Wood Frog

Present range of the Wood Frog in British Columbia
Wood Frog (Lithobates sylvaticus)
Common Name:Wood Frog
Scientific Name:Lithobates sylvaticus
Status (B.C.):Yellow
Status (COSEWIC):Unranked

At a Glance

Wood Frogs are small to medium-sized frogs, with an average body length from 2 to 6 centimetres. They have a characteristic black ‘mask’, a broad dark band passing through the eye from snout to shoulder, bordered below by a white lip line that looks like a moustache. Wood Frogs come in many colours. They may be light tan, grey, deep brown, blue-green, or distinctly red, often with dark spots or mottling on the back and sides. Some individuals have a single prominent white stripe down the middle of the back. Two broad light-coloured stripes may also be present on the back. Wood Frogs have white bellies with some dark mottling at the sides and on the throat, and they have prominent dorsolateral folds (ridges that run from the back of the head down the frog’s back). Males and females look similar, except that males have a dark, swollen thumb during the breeding season and two throat pouches that inflate when they call. Females are a few millimetres longer than males.

Tadpoles have a very short, round body and an arched tail fin that begins high on the back. They are uniformly dark with gold flecks in lines around the mouth. The belly may be dark with a silver sheen, or cream coloured with a pinkish iridescence. They may grow to 5 cm long.

You may often hear male Wood Frogs calling early in the spring, sounding very much like the quacking of ducks. Don't be fooled! If you hear "quacking" but can't see any birds, you are probably listening to a Wood Frog chorus.

Home Sweet Home

Wood Frogs are largely terrestrial, but are not usually found far from water. They inhabit marshes, riparian areas, wet meadows, moist brush, and open grassy areas adjacent to such habitats. Wood Frogs hibernate in the soil, using root channels and burrows made by other animals. The soil and snow pack provide insulation and protection to the frogs, which can survive temperatures as low as -6°C. The frogs actually freeze solid at these low temperatures, but protect their cells from damage by producing their own “antifreeze” – really a cryoprotectant. Naturally, scientists are very interested in this talent!

Wood Frogs breed in seasonal pools, shallow ponds, marshy lake edges, flooded meadows, and quiet stretches of streams. Tadpoles usually live in the shallowest, warmest parts of the wetland.

This is the Life

Wood Frogs emerge early from hibernation, moving to breeding sites as snow and ice begin to melt. Males congregate in shallow clear ponds and will call day and night as long as the temperature remains above freezing. Their distinctive, throaty, duck-like quacks alert females to their presence. Mating pairs join together to deposit and fertilize the eggs, which are densely packed into a soft mass of jelly the size of a plum or orange. Masses from several females are usually laid together, attached to submerged sticks and plants or lying freely in the water. Each mass may have as many as 2000 to 3000 eggs.

Outside the breeding season adult Wood Frogs are fairly solitary. They are most active during the day, foraging far and wide. Egg and tadpole development are rapid. Even at comparatively low temperatures; the tadpoles are able to transform into froglets by mid-summer. Juvenile and adult frogs hibernate terrestrially to survive cold winter temperatures. Males mature one year after metamorphosis, while females reach maturity in 2 years. Wood Frogs seldom live more than three or four years.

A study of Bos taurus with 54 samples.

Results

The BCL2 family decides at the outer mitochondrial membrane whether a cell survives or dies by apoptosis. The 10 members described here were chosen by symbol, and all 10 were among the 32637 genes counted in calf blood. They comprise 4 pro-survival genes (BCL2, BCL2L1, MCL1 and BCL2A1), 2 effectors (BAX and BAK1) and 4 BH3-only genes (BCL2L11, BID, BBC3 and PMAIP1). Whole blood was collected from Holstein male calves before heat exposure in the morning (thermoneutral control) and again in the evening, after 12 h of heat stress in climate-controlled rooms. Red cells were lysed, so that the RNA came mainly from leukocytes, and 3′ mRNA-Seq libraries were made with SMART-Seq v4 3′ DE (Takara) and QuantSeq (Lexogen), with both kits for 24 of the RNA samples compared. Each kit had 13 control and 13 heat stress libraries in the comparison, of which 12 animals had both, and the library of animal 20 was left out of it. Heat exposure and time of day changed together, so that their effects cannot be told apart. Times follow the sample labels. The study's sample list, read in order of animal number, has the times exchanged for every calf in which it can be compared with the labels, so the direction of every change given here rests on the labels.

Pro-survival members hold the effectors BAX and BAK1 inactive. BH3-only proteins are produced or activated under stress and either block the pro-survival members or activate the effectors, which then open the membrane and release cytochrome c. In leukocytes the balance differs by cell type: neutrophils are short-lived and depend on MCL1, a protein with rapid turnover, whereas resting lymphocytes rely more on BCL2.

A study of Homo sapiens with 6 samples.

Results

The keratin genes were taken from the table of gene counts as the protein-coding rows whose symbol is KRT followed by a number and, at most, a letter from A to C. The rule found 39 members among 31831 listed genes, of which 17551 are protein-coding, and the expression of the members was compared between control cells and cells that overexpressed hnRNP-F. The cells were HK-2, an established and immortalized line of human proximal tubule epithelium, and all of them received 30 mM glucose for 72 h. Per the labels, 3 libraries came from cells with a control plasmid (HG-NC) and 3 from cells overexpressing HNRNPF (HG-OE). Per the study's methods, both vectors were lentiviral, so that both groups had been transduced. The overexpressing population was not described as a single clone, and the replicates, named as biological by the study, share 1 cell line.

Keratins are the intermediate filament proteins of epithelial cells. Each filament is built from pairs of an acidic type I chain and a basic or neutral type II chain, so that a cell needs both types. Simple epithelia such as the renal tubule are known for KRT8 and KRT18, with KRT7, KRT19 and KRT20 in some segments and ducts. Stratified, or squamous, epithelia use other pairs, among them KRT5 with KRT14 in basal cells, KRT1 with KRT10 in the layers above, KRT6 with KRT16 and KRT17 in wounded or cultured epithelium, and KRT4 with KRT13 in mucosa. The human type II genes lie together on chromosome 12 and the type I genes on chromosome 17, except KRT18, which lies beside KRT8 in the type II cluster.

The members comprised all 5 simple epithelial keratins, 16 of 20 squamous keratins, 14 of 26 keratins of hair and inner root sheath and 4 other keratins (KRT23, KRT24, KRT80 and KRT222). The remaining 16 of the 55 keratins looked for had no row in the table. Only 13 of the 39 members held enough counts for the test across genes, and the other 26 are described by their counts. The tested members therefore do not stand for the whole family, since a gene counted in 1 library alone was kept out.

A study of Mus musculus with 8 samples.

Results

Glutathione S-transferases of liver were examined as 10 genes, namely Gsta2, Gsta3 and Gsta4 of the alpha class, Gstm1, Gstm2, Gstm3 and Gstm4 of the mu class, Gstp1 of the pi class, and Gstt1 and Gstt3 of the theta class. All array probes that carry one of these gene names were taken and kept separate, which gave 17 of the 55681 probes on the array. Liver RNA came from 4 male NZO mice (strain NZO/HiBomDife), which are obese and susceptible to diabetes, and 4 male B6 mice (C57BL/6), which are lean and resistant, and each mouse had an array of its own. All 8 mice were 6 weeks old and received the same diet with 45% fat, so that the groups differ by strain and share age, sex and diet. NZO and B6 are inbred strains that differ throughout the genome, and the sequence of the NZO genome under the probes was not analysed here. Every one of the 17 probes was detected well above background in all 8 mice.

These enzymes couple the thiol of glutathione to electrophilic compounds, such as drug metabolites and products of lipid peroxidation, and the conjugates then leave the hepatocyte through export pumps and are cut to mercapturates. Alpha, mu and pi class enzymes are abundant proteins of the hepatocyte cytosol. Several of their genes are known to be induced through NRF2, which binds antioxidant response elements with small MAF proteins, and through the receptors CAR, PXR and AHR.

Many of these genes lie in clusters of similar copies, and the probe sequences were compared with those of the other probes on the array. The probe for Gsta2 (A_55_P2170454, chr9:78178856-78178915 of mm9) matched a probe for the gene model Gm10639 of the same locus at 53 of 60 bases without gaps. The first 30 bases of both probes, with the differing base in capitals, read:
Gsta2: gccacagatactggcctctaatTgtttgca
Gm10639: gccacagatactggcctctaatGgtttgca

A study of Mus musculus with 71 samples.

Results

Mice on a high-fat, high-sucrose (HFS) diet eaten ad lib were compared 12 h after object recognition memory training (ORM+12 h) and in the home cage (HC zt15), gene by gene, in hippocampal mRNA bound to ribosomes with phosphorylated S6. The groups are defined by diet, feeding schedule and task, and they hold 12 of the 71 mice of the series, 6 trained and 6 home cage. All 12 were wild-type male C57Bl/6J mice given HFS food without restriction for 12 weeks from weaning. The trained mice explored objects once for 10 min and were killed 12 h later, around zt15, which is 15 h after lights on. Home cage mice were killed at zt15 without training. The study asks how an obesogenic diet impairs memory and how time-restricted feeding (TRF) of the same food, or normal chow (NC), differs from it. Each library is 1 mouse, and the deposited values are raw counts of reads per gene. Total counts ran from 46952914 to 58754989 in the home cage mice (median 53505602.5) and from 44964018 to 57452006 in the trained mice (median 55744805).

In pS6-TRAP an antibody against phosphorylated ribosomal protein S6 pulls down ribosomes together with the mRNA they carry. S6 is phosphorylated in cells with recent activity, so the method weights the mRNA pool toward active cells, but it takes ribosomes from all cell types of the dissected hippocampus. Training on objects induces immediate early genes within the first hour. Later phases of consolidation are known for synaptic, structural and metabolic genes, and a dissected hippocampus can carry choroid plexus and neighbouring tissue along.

What’s on the Menu?

Wood Frogs share the usual frog preference for insects, worms, snails, millipedes, molluscs, and other small invertebrates. Tadpoles are herbivores, and feed on algae and other plant material.

Where and When

Wood Frogs are widespread in B.C.’s central and northern interior, and extend south along the Rocky Mountains to the East Kootenays. They may be present at elevations of up to 3050 m. They are found across Canada, and north past the Arctic Circle.

Depending upon weather conditions in local areas, breeding may occur between early March and June. Wood Frogs are explosive breeders; while breeding may take a few weeks in more southerly parts of their distribution, it may occur over only a few days in the north. Egg laying begins 4 to 6 days after the first frogs appear, and most egg laying is completed within 7 to 10 days. Eggs can hatch in as few as 4 to 7.5 days depending on temperature. Metamorphosis generally occurs 45 to 80 days after the eggs are laid.

How Are They Doing?

Wood Frogs are widely distributed and are not considered to be at risk. This species is on the provincial Yellow List of species managed at the ecosystem level.

How We’re Helping

Reported incidental sightings and amphibian inventory projects have helped to map the distribution of Wood Frogs in B.C. We’re hoping to learn more about this species’ ecology and life history.

The Wood Frog is protected under the British Columbia Wildlife Act.

How You Can Help

Learn about Wood Frogs and share your knowledge with others. Contribute your reports of Wood Frog sightings and breeding calls to B.C. Frogwatch.

No Kidding!

  • Adults and metamorphosing tadpoles produce repulsive skin secretions that deter predators such as aquatic insects and shrews. Most adults give a defensive call, or ‘mercy scream’, when attacked by shrews.
  • Wood Frogs are supercool! They are the only North American amphibian that occurs north of the Arctic Circle. They have an incredible ability to survive freezing winter temperatures, and in spring, warm up and hop away!
  • It’s a ‘frog-eat-frog’ world. Wood Frogs have been known to eat smaller frogs in the fall to help them store up energy for a long winter!
  • Wood Frogs are so small that they could sit in a coffee cup without scraping their noses!